Existing surgical treatments lack flexibility
Researchers at Cornell University in New York have developed an artificial spinal disc that may help patients with chronic back pain and other disc problems.
The spine is a column of bones alternating with flexible spinal discs. When those discs do their job properly, you feel great. But when the disc is injured, the result can be pain in the neck or lower back.
Now, a research team led by a neurosurgeon and a biomedical engineer has developed an artificial spinal disk that seems to work well in experiments using laboratory animals.
Current treatments include a metal and plastic artificial disk and spinal fusion surgery, but they don't really duplicate the structure of the natural spinal disk. Cornell University neurosurgeon Roger Härtl says the disc has a gel-like interior surrounded by a stiffer outer section, which gives it a valuable combination of properties.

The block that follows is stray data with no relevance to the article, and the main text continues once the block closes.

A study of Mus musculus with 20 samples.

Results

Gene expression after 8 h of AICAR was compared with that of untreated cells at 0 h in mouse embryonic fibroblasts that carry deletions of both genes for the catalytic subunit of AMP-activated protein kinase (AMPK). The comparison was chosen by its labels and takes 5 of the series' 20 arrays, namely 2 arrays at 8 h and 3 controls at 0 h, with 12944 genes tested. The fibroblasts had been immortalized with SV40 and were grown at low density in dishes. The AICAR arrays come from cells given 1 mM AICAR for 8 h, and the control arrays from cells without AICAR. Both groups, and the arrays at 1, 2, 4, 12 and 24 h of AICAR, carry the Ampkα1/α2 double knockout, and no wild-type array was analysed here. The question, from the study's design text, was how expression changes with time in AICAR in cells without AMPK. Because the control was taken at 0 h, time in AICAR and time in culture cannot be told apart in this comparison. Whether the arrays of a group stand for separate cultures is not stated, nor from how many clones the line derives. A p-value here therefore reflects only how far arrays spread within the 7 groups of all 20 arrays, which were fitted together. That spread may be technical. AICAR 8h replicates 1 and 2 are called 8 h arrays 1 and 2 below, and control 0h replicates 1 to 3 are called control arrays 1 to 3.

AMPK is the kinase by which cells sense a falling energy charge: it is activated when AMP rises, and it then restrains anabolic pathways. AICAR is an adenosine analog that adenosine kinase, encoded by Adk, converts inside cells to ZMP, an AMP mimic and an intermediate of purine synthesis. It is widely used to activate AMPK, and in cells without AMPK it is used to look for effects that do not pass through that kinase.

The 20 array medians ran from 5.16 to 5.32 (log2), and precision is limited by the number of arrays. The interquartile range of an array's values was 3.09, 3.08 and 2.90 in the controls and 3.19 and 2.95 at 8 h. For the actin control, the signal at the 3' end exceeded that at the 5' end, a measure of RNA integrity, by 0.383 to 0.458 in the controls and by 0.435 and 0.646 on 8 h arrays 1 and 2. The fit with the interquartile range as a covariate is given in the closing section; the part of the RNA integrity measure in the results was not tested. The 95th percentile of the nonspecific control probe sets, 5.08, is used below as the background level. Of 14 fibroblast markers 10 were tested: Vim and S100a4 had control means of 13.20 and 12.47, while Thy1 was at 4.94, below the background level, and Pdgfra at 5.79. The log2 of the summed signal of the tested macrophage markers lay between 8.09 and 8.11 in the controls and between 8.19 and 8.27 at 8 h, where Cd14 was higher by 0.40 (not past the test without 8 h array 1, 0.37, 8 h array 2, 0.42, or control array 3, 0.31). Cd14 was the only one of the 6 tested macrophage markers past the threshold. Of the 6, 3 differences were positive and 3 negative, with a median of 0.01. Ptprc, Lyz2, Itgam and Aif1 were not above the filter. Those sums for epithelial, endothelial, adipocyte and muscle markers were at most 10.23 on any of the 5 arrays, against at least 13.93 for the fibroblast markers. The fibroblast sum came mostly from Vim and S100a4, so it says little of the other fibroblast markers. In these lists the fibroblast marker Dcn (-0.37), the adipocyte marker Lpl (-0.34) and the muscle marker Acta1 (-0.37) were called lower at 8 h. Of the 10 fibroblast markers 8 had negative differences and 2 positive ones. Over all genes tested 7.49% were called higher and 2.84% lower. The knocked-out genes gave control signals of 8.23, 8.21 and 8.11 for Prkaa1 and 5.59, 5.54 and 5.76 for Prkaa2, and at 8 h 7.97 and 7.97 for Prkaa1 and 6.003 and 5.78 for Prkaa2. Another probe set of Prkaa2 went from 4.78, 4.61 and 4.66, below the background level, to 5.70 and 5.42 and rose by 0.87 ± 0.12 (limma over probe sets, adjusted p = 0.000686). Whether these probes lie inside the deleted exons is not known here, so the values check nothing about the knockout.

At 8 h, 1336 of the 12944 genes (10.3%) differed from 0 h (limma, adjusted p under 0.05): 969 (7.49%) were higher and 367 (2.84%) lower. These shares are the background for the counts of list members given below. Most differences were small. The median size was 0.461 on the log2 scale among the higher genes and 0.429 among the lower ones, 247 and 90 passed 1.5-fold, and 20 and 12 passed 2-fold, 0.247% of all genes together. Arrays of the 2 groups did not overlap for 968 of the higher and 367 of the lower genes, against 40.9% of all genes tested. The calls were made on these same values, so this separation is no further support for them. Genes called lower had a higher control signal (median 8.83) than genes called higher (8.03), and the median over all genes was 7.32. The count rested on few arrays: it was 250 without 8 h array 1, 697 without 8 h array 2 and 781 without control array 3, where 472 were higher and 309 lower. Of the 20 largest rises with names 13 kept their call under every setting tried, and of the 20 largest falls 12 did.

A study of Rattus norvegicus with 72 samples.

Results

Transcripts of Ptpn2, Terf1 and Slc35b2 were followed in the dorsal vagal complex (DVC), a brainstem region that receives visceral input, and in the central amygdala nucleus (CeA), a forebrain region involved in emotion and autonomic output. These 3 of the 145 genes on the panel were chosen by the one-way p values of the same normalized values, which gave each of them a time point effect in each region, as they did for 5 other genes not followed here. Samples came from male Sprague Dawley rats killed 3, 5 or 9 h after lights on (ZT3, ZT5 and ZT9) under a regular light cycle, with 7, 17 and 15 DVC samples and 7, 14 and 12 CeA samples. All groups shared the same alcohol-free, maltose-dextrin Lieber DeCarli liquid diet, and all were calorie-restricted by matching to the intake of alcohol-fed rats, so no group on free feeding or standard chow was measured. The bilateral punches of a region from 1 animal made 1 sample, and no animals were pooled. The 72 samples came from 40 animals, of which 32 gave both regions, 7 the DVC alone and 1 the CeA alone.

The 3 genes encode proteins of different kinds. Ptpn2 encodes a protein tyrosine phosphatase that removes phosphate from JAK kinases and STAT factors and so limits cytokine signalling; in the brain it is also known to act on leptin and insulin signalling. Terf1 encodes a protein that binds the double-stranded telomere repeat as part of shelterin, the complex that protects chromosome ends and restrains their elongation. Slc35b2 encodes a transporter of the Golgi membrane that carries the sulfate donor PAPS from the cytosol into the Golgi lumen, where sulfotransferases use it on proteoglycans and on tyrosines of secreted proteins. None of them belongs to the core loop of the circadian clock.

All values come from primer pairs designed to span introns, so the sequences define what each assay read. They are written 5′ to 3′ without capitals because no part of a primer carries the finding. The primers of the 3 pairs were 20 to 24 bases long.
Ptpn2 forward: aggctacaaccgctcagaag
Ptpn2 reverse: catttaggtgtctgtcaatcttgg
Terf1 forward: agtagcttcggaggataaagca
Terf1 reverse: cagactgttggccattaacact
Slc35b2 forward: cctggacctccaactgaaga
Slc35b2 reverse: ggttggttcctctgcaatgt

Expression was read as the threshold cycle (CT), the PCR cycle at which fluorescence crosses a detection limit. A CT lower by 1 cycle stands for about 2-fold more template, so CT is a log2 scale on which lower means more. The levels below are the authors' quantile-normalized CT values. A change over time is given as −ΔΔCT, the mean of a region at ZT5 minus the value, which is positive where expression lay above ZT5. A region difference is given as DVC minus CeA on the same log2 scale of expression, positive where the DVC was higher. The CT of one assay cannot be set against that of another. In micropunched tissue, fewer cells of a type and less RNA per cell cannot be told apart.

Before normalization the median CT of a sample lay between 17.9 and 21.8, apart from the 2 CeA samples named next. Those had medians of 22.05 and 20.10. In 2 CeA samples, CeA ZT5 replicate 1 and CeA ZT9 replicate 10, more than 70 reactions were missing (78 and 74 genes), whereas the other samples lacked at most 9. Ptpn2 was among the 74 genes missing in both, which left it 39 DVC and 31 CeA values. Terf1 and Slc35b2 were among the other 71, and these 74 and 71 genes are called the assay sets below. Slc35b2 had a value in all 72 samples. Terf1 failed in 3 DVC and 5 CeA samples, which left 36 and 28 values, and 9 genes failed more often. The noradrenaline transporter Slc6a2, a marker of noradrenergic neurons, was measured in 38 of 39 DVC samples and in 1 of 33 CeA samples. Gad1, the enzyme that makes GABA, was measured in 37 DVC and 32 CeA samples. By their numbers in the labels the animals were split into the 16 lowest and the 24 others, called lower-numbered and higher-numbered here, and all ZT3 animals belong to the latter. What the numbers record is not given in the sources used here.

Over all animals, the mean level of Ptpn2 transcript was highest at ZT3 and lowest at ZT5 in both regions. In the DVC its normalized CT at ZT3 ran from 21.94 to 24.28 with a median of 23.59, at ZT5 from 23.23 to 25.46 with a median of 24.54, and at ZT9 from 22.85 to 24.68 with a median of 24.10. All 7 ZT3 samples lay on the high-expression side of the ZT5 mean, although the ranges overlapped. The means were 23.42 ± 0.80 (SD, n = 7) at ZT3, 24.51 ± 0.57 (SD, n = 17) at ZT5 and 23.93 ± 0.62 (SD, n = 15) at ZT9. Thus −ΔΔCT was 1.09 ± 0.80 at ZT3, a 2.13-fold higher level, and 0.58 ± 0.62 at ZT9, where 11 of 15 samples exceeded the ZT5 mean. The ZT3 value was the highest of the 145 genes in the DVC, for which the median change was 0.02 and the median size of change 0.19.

"That structure together - the disc, made up of the annulus on the outside and the nucleus inside - is a very stable structure, Härtl says. "However, it provides a certain amount of motion. That's why our spine is so incredibly flexible, if you look at the whole spine."
Härtl's engineering colleague, Lawrence Bonassar developed the artificial discs, which are grown from cells, not manufactured, and Härtl says they perform very much like the natural discs they replace.
"So the engineering team have been able to replicate the normal structure of the disc, and we think that the combination of those two components - namely the nucleus and the annulus together - mimics to a very, very high degree what the normal spinal disc looks like and goes through in the human anatomy."
These artificial discs were implanted in the tails of laboratory rats, where they performed much like natural discs.
The researchers say bioengineered discs could represent a major advance for many patients with disc problems.